Can Money Buy Happiness?

24 Dec, 2009 || by

I recently read that Richard Hatch, winner of the first television hit, Survivor, has been indicted on charges of tax evasion, filing a false tax return, and bank fraud.  He reportedly neglected to pay taxes on the $1,000,000 prize he collected after winning Survivor: Borneo in August, 2000.  Mr. Hatch appears to have failed to report hundreds of thousands of dollars he earned from guest appearances and personal investments.  If found guilty of all charges, he faces up to 75 years in prison and millions of dollars in fines.

Similar examples abound:  World boxing champion, Mike Tyson; entertainers Burt Reynolds, Willie Nelson and MC Hammer… all have filed bankruptcy.  MC Hammer reportedly made 33 million dollars in 1990 alone, but he still went bankrupt.  It would seem to me that if I made 33 million dollars in one year, I would be financially set for life.  How can one go through that much money in so short a time?  Did all the money earned by MC, Willie, Mr. Hatch and the others buy them happiness?

In their article, “Lottery Winners and Accident Victims: Is Happiness Relative?” researchers Brickman, Coates and Janoff-Bulman report that it is common for people who play the lottery to fantasize about how winning would significantly improve their lives.   In reality, while lottery winners do tend to experience a flood of positive emotion during the early weeks following their win, follow-up studies show this feeling of happiness is short-lived.  In fact, according to this study, lottery winners report their feelings of happiness quickly return to normal, if not below normal. Evidently, the saying “Money doesn’t buy happiness” holds some truth.

In another study, reported on by Ruut Veenhoven in “Happiness of Nations”, Japan’s average level of citizen happiness remained unchanged during the years between 1960 and the late 1980’s, a period when the country rose from being relatively poor to becoming an international powerhouse.  Likewise, in the United States, even enough consumer buying power has more than doubled since the 1950’s, the average American’s reported feeling of happiness has remained unchanged. Despite having more money in their pockets, logically allowing for the purchase of many more luxuries, reported levels of happiness remained the same.

Why is this?  Why doesn’t having more money make us happier?  Having more money seems to only provide a temporary surge in happiness.  Inevitably, we seem to adjust quickly to our current circumstances, and our feelings of happiness return to some average, much like the way a thermostat responds to changes we make to the temperature in our homes.

Two theories may help to explain this phenomenon.  The first, the “adaptation” theory, says people tend to “get used to” things quickly.  We adjust to changes and quickly establish a new “set point” for what makes us happy.  When we drop below the new set point, discontent and boredom result.  For example, when I was younger, getting to stay at a hotel was a big treat.  It was clean and uncluttered, had a restaurant and swimming pool, and even room service.  How could one possibly grow to become unhappy with this?  Now, forty years later, I shun the simple hotels for those with more comfortable beds, wireless internet, and “4-Star” ratings.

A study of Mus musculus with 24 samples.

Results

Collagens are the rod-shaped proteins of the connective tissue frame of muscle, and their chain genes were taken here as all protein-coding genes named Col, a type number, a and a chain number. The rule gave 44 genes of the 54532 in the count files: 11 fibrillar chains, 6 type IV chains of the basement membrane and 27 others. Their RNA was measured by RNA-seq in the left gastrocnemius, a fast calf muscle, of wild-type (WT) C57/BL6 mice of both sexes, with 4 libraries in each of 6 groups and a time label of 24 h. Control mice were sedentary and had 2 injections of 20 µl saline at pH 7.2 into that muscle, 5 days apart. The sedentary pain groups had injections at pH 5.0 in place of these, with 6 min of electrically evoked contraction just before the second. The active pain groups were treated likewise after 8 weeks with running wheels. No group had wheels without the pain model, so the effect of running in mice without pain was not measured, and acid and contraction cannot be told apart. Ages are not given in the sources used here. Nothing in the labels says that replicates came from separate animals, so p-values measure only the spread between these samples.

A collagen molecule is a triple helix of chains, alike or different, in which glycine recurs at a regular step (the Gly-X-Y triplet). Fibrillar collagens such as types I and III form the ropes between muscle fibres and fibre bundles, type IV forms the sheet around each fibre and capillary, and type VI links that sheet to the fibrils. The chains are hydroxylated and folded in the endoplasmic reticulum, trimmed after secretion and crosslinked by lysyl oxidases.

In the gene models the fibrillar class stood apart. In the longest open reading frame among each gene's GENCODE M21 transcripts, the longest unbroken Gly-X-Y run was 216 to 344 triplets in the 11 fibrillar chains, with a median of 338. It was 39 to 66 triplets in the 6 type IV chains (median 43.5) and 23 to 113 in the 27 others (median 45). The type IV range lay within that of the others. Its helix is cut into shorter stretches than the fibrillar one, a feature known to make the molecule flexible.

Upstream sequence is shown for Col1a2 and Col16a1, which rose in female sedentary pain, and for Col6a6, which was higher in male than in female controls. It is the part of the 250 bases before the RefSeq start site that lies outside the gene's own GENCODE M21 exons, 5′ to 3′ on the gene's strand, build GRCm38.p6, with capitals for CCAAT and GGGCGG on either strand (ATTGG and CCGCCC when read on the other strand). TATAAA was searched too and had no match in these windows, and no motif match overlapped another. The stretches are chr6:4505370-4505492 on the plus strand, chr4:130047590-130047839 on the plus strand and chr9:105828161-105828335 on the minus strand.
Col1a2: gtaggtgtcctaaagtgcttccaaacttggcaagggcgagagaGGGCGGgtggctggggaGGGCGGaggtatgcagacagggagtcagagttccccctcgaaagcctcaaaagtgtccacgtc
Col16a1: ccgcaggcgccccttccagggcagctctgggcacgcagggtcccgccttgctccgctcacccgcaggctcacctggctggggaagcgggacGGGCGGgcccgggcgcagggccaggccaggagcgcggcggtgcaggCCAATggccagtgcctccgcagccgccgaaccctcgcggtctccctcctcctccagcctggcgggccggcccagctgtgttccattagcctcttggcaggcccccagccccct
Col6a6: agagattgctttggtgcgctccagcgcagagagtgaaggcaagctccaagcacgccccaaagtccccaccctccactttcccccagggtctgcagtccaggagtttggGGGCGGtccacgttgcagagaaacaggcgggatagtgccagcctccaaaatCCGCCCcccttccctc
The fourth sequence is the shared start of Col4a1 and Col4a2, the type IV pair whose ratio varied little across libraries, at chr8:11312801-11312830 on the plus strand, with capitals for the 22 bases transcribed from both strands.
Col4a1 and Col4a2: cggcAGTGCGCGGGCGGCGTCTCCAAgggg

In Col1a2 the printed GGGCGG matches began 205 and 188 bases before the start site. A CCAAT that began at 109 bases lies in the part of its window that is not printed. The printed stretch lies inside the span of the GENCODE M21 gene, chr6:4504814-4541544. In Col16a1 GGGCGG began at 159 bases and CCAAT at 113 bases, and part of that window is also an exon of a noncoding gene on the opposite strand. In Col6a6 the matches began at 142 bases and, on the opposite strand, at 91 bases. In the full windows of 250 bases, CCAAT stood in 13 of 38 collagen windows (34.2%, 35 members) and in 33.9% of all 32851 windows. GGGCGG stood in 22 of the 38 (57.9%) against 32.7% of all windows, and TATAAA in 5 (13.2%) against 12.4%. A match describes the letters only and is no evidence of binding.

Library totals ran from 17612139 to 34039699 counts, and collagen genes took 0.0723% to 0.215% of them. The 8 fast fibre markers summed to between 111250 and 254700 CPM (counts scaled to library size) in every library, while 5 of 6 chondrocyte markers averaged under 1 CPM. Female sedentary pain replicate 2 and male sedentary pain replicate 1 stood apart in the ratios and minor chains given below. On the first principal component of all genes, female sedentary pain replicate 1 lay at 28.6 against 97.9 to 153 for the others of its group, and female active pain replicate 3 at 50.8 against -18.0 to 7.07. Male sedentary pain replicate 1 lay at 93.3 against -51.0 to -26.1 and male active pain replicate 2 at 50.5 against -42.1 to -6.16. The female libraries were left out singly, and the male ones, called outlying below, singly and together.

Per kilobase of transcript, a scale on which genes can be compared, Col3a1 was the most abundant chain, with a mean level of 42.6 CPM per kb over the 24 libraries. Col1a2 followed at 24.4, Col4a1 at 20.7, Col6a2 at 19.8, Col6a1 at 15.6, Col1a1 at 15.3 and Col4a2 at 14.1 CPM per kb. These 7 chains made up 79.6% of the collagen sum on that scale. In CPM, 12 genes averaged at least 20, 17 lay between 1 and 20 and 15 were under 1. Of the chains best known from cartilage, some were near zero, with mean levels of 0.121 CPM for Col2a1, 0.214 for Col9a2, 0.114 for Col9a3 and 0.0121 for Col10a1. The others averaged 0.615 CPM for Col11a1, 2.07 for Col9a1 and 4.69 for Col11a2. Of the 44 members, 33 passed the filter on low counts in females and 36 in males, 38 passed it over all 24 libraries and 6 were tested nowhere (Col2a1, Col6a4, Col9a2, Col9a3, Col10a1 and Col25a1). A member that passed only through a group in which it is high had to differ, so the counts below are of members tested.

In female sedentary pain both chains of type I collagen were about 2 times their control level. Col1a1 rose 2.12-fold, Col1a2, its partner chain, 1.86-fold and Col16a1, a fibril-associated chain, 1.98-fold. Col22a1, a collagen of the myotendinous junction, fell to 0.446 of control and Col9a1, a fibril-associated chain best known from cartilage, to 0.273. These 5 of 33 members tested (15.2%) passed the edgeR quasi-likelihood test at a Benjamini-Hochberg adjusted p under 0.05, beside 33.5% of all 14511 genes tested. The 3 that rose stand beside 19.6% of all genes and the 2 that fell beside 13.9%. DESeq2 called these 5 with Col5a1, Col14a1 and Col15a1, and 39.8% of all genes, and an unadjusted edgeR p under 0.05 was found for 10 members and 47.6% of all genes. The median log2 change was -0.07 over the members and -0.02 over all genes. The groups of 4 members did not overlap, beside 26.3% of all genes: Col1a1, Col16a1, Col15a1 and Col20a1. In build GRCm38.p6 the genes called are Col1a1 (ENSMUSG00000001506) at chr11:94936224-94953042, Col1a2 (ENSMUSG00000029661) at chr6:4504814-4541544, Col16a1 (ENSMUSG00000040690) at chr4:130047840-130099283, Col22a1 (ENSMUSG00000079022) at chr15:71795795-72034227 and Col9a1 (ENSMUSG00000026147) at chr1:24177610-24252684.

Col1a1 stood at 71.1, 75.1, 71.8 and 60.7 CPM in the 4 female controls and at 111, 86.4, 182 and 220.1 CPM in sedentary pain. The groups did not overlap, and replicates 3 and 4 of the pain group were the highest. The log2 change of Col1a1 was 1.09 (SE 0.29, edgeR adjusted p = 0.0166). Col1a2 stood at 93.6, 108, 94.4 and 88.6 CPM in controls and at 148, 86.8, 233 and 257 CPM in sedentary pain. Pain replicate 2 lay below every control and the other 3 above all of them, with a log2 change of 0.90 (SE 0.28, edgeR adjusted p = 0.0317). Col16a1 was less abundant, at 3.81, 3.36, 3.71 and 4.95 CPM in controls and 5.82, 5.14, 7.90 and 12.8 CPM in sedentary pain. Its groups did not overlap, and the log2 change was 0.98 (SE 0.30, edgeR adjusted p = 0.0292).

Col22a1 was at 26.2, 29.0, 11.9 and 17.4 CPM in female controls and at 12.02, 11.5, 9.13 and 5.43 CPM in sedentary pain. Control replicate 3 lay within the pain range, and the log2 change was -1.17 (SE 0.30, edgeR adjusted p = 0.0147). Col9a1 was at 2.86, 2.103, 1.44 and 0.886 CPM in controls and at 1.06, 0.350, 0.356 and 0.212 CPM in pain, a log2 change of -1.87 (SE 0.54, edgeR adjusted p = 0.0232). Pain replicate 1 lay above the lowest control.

The second theory is the “relative deprivation” theory.  It states that our feeling of happiness is based on our comparisons of ourselves to others.  A cartoon appearing in The New Yorker Magazine depicted this theory well.  It showed two dogs lying out in the back yard.  One dog is telling the other dog, “I’ve got a bowl, the big yard; I know I should be happy.”

As people climb the ladder of success, they tend to compare themselves to others who are equal to or better off than they are.  In 1930, Bertrand Russell noticed this tendency and stated, “Beggars do not envy millionaires, though of course they will envy other beggars who are more successful.” This could explain why Richard Hatch, the million dollar winner of Survivor, began experiencing financial problems.  Upon becoming a “millionaire”, and then being thrust into the limelight as a celebrity, he may have begun to compare himself with other rich and famous people.  It costs a lot to maintain that type of image and “keep up with the Joneses.”

So jumping on the “I need more to be happier” bandwagon doesn’t appear to be the answer.  Instead, based on the theories of “adaptation” and “relative deprivation”, to be happier we need to make sure we add variety and change to ours lives, and instead of comparing ourselves to others more fortunate than we are (which creates envy), we need to compare ourselves to those who are less fortunate than we are (which creates a feeling of appreciation for what we have).  It seems two old proverbs, “Variety is the spice of life” and “Count your blessings”, hold a great deal of insight for all of us.